How low do you think you could go with your grocery budget? What if you only had $10 to feed yourself for the whole week? What would you buy?
I’ve already done this once in my How to Eat for $10 at the Dollar Tree video. Now I’m back to do it again but at Aldi. Aldi is known for it’s low, competitive prices, so I was excited to see how it would compare against the Dollar Tree. This week also happens to be a vegetarian $10 challenge.
For those who may not be super familiar with Aldi I wanted to give a very brief overview. Aldi is a small grocery store chain that employs a variety of methods to cut costs as much as possible, and those savings are passed on to the consumer. These are things like requiring a quarter to use a shopping cart which you get back when you return the cart (not a common practice in the United States) which cuts down on personnel needed to corral carts. Also having customers provide their own grocery bags and bag their own groceries. And finally, most items that Aldi sells are in house brands made by exclusively for Aldi. You won’t have a choice of different brands for most products.
The result of these cost saving tactics is that Aldi frequently has the lowest prices on many food items in the locations they operate.
What about pantry items and groceries already bought?
For the purposes of this demonstration, I didn’t use any pantry items or ingredients that I already owned with the exception of a small handful of spices and cooking oil. I wanted to show that you could transform simple foods into delicious meals with a very basic and affordable array of spices.
This challenge is ultimately just for fun and for demonstrative purposes. No one should realistically subsist on only $10 of food per week. If you are struggling, please reach out to the resources around you.
If you are in the United States, the United Way runs a confidential helpline that can be accessed simply by dialing 211 from any phone, and they can help connect you with community resources (this includes assistance needs outside of food access too).
Additionally, I make no claims about the nutritional value of this meal plan and recognize that different bodies have different needs, allergies, preferences, etc. I am not a registered dietician or a medical professional, so please defer to them for decisions when it comes to your diet.
So what did I buy from Aldi?
- 3lb Bag of Rice
- 2 Cans of Black Beans
- 1 Large Can Pinto Beans
- 3lb Sweet Potatoes
- 1 Can Tomato Paste
- 1 Loaf of Bread (not pictured)
- 2 Dozen Large Eggs
- 2lb Carrots
- 1lb Cabbage
- 2 Cans Diced Tomatoes
- 1 Can Corn
Similar to my Dollar Tree meal plan, the first night was a big meal prep night. I made Spanish rice, refried beans, and egg muffins. Besides being dinner that night, these also allowed me to make 4 breakfasts and 3 lunches for work. I used 1 cup of rice, a half a can of tomatoes, 1 can of black beans, carrot, and half a can of tomato paste. I used the pinto beans to make my refried beans. And the egg muffins were made with eggs, the other half of the can of tomatoes, and half a can of corn.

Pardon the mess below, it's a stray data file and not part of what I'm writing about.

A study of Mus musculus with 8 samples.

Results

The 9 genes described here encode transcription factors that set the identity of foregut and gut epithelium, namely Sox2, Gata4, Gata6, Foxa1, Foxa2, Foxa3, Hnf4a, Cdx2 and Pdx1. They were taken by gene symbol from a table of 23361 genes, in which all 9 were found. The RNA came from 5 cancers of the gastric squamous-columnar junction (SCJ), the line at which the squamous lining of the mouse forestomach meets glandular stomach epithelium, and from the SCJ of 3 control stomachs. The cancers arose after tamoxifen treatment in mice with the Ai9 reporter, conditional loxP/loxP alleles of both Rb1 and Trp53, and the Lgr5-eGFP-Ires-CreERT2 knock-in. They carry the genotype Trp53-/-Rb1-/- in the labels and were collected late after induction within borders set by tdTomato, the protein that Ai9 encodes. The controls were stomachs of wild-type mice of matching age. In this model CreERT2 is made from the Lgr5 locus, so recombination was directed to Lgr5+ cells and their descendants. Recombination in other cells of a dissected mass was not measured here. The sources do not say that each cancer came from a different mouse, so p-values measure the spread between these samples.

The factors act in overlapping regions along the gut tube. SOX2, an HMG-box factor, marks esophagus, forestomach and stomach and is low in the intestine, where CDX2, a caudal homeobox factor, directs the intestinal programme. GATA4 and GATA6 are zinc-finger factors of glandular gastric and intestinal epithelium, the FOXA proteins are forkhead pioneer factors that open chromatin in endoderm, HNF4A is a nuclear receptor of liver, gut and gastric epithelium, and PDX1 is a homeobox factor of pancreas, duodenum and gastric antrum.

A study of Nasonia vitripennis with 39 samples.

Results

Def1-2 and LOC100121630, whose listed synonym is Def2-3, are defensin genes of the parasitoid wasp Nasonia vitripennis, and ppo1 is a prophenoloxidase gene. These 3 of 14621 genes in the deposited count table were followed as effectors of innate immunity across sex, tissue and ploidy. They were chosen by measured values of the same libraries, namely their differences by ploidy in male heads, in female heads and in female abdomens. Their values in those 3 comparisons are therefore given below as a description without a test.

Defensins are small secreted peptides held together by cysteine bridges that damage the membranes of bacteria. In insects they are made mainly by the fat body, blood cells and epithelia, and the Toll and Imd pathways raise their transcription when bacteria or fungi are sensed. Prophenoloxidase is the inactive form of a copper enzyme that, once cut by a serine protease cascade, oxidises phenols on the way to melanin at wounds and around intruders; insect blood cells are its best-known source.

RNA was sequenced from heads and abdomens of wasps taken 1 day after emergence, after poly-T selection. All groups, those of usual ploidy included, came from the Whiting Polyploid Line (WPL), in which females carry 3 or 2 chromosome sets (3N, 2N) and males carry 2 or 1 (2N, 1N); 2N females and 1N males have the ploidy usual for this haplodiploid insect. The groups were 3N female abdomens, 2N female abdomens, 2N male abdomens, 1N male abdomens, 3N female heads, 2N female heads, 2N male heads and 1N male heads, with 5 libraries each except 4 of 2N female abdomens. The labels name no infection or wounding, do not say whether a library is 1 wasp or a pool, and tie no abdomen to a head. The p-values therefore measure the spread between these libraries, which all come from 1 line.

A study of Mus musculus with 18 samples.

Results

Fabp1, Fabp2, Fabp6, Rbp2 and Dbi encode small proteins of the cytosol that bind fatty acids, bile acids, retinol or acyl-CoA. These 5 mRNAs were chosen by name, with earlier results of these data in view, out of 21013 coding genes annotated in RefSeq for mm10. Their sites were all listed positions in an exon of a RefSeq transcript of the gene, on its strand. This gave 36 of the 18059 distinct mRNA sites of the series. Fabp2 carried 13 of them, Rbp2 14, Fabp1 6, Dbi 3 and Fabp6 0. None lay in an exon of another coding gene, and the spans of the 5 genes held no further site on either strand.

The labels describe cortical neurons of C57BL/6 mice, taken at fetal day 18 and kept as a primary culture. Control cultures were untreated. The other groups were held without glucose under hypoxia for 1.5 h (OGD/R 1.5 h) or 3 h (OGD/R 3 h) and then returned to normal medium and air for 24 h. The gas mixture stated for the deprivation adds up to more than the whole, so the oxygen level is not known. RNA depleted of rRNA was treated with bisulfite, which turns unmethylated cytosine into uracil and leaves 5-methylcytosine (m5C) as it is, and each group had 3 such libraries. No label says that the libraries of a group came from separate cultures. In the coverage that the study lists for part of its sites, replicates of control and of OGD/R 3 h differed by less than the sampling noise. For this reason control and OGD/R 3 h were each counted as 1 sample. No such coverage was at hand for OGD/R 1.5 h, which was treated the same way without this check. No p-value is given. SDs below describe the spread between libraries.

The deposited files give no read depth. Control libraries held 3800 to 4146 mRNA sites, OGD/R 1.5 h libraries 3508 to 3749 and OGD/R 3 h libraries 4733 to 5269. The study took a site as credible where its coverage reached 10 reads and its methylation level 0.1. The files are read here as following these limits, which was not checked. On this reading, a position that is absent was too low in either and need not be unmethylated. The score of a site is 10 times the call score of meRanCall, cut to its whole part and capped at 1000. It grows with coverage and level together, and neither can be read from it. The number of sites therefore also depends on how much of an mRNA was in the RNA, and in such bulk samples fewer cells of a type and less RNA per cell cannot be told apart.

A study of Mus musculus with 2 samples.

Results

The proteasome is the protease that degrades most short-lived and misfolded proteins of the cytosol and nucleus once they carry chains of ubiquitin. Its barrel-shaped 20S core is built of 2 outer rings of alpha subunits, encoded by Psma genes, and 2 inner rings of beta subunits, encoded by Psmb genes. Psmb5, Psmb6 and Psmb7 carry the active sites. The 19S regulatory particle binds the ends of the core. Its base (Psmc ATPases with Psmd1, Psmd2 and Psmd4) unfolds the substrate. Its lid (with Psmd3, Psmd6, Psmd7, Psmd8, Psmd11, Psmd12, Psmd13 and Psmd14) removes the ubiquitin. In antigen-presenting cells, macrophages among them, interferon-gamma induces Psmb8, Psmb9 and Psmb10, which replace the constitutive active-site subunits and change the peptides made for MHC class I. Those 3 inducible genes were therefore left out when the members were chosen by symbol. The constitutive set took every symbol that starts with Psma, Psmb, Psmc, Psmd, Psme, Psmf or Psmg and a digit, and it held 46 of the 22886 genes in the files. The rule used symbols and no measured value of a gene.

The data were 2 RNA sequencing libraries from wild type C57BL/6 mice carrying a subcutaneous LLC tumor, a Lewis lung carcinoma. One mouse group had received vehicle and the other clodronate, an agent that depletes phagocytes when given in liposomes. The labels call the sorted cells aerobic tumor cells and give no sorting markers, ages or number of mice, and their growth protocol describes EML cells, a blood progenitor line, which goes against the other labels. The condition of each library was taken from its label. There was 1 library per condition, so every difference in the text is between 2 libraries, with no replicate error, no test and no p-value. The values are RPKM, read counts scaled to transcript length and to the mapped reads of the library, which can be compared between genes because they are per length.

For breakfast and lunch I had my pre-prepared breakfast and lunch, but I needed to make something for dinner. I used 2 cans of my black beans, some bread crumbs which I dried out in the oven, some grated carrot, the other half of my can of tomato paste, and plenty of spices to make 5 black bean burgers to eat throughout the rest of the week. I also made enough sweet potato fries to accompany 3 of the burger meals.
The next time I cooked again was Saturday. I had a slice of delicious avocado toast with scrambled egg for breakfast (saving half my avocado for later), an eggs in purgatory dish for lunch featuring sautéed sweet potatoes (if you haven’t tried it, sweet potatoes are an amazing addition to your eggs in purgatory). I saved half of this pan for Sunday’s lunch.
Breakfast Sunday was a simple meal of eggs in a basket. For dinner that night, I sautéed the entire head of cabbage along with some carrots. I cooked rice in my rice cooker and reheated and crumbled one of my black bean burgers. I combined this all into a delicious bowl. I made 2 more bowls to eat for other meals.
The final unique meal I made was Tuesday night dinner. I used many of the remaining odds and ends I had (some corn, some carrots, some pinto beans, and some rice) and made a sweet potato stir fry.
So How Did it Go?
I found a lot of the meals I made to be very similar to how I eat on my regular budget, just a bit more repetitive since I was using fewer overall ingredients for the week and only feeding myself. I’ll certainly be making black bean burgers again (this was my first time making them!) and I think they’d be amazing with some mustard and pickles, or even some avocado slices.
Eating for $10 at Aldi was certainly a different experience that my weekly menu from the Dollar Tree. I had enough calories each day as well as extra food that I could have eaten had I needed more. The variety of fresh produce made a huge difference in both the variety of meals I was able to make, as well as the vitamins and nutrients available to my body.
The prices at Aldi do change both weekly and regionally, so while the Dollar Tree menu I ate could be replicated week to week, it’s possible that $10 at Aldi could be much more challenging on any given week or in a geographic location that has higher pricing than my local Aldi had.
Below you’ll find a couple links to other (less extreme) food budgeting posts I’ve done!